Nicknamed "La Tierra de Aventura" or The Land of Adventure, the Santander region of Colombia lived up to its name during our week long visit. Located in the middle of the country, about six hours north of Bogota, this part of Colombia is known for its scenery - complete with deep canyons, raging rivers and majestic mountains.
Santander region is in red.San Gil
Traveling with my roommate Kelsi and her friend Megan, who was visiting from California, we left Cali early on Saturday, July 31st. After a flight to Bogota, a ten hour layover (Thanks Aires Airlines), then a connecting flight to Bucaramanga and a three hour bus ride, our vacation really got started in San Gil. We stayed in a fairly new hostel named Sam's that was located right on the main plaza and loved it! I love finding places like this with free internet, clean rooms, clean bathrooms, kitchens and rooftop patios. Since food in smaller towns of Colombia doesn't tend to be that great we made most of our meals here, which included fruit, cereal, and pasta. We saved some money and met some great new friends from all over the world!
View of Sam's Hostel from the main plaza.
Kelsi and I in the main plaza.
We spent our first day in San Gil exploring the Parque El Gallineral, a small nature reserve near downtown where trees are covered with long silvery moss called barbas de viejo, or old man's beard.
Kelsi and a tourist map of San Gil near the Rio Fonce.
Trees in the park. So cool!
Pretty flowers along the way.
The second day we tried to go white water rafting, but the river was too high due to rain, so we set out for the Juan Curi waterfalls instead! Following some advice from friends, we rented bikes to head to the waterfalls about ten miles from town. The ride there was long, but scenic, and we arrived at the waterfalls tired yet excited! Crossing the river using a rope and trying desperately not to slip, we explored the falls and the freezing cold water within them! We headed back on our bikes around 1 pm, only to have about 2/3 of our return trip filled with pouring rain. We stopped for awhile to see if it would let up, but it never did, and upon realizing we had no option but to push on, we just biked through the rain. Definitely not one of my favorite trip experiences, especially after a Colombian police van drove full speed through a puddle and doused me in an avalanche of water while Colombian teenage boys looked on laughing, however we felt quite accomplished upon arriving back in San Gil!
Biking from San Gil to Las Cascadas de Juan Curi - 22 km.
Finally arrived at the waterfall - it's 180 meters high!
River crossing with rope.
We spent our last day in San Gil white water rafting on the Rio Fonce, which you can read about here, before heading to the small town of Barichara.
Located just 45 minutes from San Gil is the small Spanish colonial town of Barichara. With super clean cobblestone streets, whitewashed building and red tile roofs the beauty of this mountain town is stunning. The name of the town comes from the Guane word "a good place to rest", and after two days there we couldn't agree more! In Barichara, we stayed in a cute little hotel named La Mansion de Virginia where we were practically the only guests so the woman in charge was super friendly, helpful and made us tea & coffee every morning.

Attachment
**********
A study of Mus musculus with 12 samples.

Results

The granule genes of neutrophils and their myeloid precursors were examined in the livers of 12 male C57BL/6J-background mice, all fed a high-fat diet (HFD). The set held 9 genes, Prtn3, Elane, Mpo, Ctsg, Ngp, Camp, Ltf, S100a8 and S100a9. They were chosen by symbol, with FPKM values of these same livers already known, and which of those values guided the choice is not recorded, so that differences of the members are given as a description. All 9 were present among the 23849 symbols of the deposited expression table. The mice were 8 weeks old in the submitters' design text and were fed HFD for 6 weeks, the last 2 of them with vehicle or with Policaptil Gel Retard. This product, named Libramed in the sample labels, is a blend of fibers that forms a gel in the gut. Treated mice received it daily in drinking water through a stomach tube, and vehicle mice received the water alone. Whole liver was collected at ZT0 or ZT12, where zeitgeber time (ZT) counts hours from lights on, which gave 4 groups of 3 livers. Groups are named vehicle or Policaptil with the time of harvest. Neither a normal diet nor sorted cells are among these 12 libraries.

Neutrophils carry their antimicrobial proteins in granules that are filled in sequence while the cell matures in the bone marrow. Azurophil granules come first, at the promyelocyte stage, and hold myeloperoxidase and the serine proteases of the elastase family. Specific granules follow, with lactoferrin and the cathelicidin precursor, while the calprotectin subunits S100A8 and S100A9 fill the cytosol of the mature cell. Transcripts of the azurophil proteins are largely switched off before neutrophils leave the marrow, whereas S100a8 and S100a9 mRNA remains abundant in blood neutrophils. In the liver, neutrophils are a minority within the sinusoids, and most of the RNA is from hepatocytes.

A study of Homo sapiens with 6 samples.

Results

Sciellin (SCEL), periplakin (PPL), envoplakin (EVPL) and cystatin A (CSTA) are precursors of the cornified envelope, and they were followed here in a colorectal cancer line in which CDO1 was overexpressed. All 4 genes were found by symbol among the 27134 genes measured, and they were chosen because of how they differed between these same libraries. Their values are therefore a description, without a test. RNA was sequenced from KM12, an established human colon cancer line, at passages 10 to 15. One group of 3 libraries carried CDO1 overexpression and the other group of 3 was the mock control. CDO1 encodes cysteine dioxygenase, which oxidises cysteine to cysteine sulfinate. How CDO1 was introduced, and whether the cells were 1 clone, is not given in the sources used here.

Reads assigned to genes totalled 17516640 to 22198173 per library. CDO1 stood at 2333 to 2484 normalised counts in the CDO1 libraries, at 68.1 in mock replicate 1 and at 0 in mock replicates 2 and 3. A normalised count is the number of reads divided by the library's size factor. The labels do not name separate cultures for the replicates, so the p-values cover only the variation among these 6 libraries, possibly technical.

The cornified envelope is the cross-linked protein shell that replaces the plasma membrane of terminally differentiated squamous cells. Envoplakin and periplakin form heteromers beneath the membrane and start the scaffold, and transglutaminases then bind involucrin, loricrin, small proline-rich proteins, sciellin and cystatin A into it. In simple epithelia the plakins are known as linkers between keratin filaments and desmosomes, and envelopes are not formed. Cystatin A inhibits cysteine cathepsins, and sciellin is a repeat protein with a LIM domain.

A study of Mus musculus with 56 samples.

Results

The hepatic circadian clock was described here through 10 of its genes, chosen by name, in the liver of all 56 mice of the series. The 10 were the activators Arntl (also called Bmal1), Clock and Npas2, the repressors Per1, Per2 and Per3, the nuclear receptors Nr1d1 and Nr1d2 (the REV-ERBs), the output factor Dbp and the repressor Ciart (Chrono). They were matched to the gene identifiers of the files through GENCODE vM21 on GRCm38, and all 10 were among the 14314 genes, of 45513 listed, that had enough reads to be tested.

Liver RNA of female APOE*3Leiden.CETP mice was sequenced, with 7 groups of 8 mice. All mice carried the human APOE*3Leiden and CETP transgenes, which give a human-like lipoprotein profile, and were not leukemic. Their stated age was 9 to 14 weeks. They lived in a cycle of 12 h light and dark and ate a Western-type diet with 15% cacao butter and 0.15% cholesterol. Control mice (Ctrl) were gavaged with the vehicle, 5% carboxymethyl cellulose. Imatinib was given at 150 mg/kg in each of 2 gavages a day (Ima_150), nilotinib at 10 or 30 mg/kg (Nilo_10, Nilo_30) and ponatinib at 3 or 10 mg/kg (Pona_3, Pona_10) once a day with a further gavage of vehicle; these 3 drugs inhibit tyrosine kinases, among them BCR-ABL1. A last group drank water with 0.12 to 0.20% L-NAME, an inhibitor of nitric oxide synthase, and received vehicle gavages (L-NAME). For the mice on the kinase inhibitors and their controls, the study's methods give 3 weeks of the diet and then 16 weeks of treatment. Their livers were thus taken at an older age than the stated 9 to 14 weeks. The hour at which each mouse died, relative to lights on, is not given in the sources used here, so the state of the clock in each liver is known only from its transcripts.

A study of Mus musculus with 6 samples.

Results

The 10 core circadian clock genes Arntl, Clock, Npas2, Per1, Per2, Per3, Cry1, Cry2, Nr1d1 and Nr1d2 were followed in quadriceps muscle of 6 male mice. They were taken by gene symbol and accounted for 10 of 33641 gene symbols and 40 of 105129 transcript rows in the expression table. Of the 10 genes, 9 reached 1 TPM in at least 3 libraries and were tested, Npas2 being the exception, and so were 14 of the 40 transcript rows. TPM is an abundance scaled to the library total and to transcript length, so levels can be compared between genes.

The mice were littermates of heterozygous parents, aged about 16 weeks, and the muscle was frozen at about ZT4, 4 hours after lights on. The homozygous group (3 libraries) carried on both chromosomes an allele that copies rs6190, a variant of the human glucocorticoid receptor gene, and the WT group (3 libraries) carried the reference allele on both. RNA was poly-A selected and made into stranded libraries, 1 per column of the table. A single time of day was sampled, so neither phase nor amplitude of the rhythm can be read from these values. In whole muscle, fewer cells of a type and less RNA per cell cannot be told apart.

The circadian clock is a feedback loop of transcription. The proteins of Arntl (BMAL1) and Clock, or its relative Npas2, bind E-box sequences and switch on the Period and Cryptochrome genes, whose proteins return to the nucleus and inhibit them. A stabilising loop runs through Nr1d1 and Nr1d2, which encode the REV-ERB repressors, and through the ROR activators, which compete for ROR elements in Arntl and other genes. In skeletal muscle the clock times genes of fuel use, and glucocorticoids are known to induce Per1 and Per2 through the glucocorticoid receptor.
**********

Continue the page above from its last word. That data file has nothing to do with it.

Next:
On the way to Barichara we convinced some of our new friends from San Gil to come check out the town with us, so we brought "The Euros" (as we nicknamed them) along on our bus ride for an evening of good food and delicious wine after which we ended up in the local pool hall.
Out to dinner in Barichara!
The next day we set out for an easy 9km hike to the pueblo of Guane along the historic El Camino Real. The ancient stone-paved road was declared a national monument in 1988 because the indigenous Guane people maintained it continuously over the years.
Kelsi and I at the start of El Camino Real.
The small town of Guane.
After two nights in Barichara, we set out to return to Bucaramanga, by way of San Gil. Fortunately, the weather that day was great so we were able to stopover in San Gil for some paragliding! I wanted to paraglide from the minute we started planning this trip and after some arm-twisting I convinced Kelsi to try it with me. The experience was absolutely breath-taking and its definitely my new favorite way to see Colombia! The 15 minute tandem ride with an instructor only cost us about $30 USD each and brought us high above the town of San Gil to a spot where we could see for miles! Although I felt a little motion sick by the end because of all the wind and flying around and such, I loved the experience!
Strapped in and ready to fly!
Kelsi taking off.
After paragliding we were off to Bucaramanga, the capital city of Santander. Overall I was not too impressed by the city of "Buca" (for short)...although we did find some good eating spots in the Parque de Las Palmas and some friendly people. In general, the city is kind of hot, smelly and not really that nice looking. However, it did make an excellent base for travel to the region and a day trip to Colombia's most recent national park (opened in 2006), Parque Nacional de Chicamocha.
Located halfway between San Gil and Bucaramanga, this park is set in the huge canyon of the Chicamocha River and features lots of tourist attractions, as well as a huge cable car that takes you from the rim of one side of the canyon all the way down to the river and then all the way back up the other side!
Cable car overlooking the Chicamocha Canyon.